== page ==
Giovanni Bottesini

Giovanni Bottesini (1821-1889)

Nationality: Italian
Born: December 22, 1821, Crema Died: July 7, 1889, Parma (age 67)

Gran quintetto for String Quintet in c minor, Op. 99

(for 2 violins, viola, cello and bass)
I. Allegro moderato
II. Scherzo. Allegro ma non troppo
III. Adagio
IV. Finale. Allegro con brio
Duration: 23 minutes (approximately)
Composed: 1858 (age 36-37)
Dedication: Un mio ricordo Al Cavaliere S. Mercadante
1 recording, 1 videos
From Edition Silvertrust

Giovanni Bottesini Giovanni Bottesini (1821-1889) was born in the northern Italian town of Crema. His first music lessons were from his father a professional clarinetist and composer. He studied violin locally and applied for a scholarship to the Milan Conservatory and might have pursued a career as a violinist but for the fact that there were no openings for violinists, only one for a bass player. He hastily took up the bass and won the scholarship. His talent was such that after graduating he was able to embark on a solo career and soon became known as the Paganini of the Double Bass. He traveled widely not only throughout Europe but he also visited the United States and briefly served as principal double-bass in the Italian opera at Havana. Apart from his triumphs as a performer, Bottesini was a conductor of European reputation, and conducted at several important opera houses including the Théâtre des Italiens in Paris as well as the Lyceum Theatre in London. He was chosen by Verdi to conduct the first performance of Aida. Besides several operas and many works for double bass, he composed several string quartets as well as a number of quintets for string quartet and double bass. His works for bass remain standard repertoire for accomplished double bassists to this day.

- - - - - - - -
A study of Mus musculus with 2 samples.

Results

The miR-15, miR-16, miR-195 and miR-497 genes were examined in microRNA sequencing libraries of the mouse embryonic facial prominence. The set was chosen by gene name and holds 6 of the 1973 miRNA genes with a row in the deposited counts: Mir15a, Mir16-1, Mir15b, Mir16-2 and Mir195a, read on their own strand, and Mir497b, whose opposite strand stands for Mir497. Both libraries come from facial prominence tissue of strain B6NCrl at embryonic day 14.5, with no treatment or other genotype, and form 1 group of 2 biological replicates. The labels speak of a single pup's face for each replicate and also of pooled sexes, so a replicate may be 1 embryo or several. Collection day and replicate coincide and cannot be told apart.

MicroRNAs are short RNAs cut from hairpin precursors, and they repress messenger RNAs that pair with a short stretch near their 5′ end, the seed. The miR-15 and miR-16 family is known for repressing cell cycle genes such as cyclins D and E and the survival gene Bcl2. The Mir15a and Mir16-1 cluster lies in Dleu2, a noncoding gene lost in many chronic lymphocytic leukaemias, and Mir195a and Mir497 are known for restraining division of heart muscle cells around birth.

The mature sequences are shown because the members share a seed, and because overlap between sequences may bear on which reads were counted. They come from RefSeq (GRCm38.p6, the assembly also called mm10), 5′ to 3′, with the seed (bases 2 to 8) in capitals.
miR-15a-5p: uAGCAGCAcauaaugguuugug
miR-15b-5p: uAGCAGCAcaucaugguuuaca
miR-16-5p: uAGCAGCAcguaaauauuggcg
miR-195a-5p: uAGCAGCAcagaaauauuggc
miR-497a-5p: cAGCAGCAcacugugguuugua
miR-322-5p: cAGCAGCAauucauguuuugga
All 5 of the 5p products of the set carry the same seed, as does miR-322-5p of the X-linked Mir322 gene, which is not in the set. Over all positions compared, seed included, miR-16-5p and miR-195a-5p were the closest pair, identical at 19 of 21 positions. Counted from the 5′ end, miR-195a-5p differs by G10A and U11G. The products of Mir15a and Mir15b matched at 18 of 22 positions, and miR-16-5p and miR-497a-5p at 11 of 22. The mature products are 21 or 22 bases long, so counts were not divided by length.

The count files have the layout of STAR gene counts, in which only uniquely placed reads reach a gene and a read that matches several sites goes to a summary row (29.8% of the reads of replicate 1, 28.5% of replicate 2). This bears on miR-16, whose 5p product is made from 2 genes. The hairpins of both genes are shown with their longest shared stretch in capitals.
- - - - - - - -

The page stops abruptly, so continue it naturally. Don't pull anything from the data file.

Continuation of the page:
Bottesini wrote his Gran Quintetto in c minor in 1858 while sojourning in Naples. It was dedicated to his friend Saverio Mercadante, who had written a string quintet for Paganini. The opening movement, Allegro moderato, begins in dramatic fashion, with the first violin singing a fetching operatic melody. This subject goes through extensive and interesting development. A heavily accented, pounding Scherzo serves as the second movement. A gentler trio section provides a nice contrast. The Adagio which follows is a combination of relaxed, delicate, long lined melodies, which in the middle are suddenly interrupted by a storm-like, highly dramatic, powerful episode. The finale, Allegro con brio, begins with a series of downward plunging passages creating a sense of urgency before the appearance of a march-like, triumphant theme.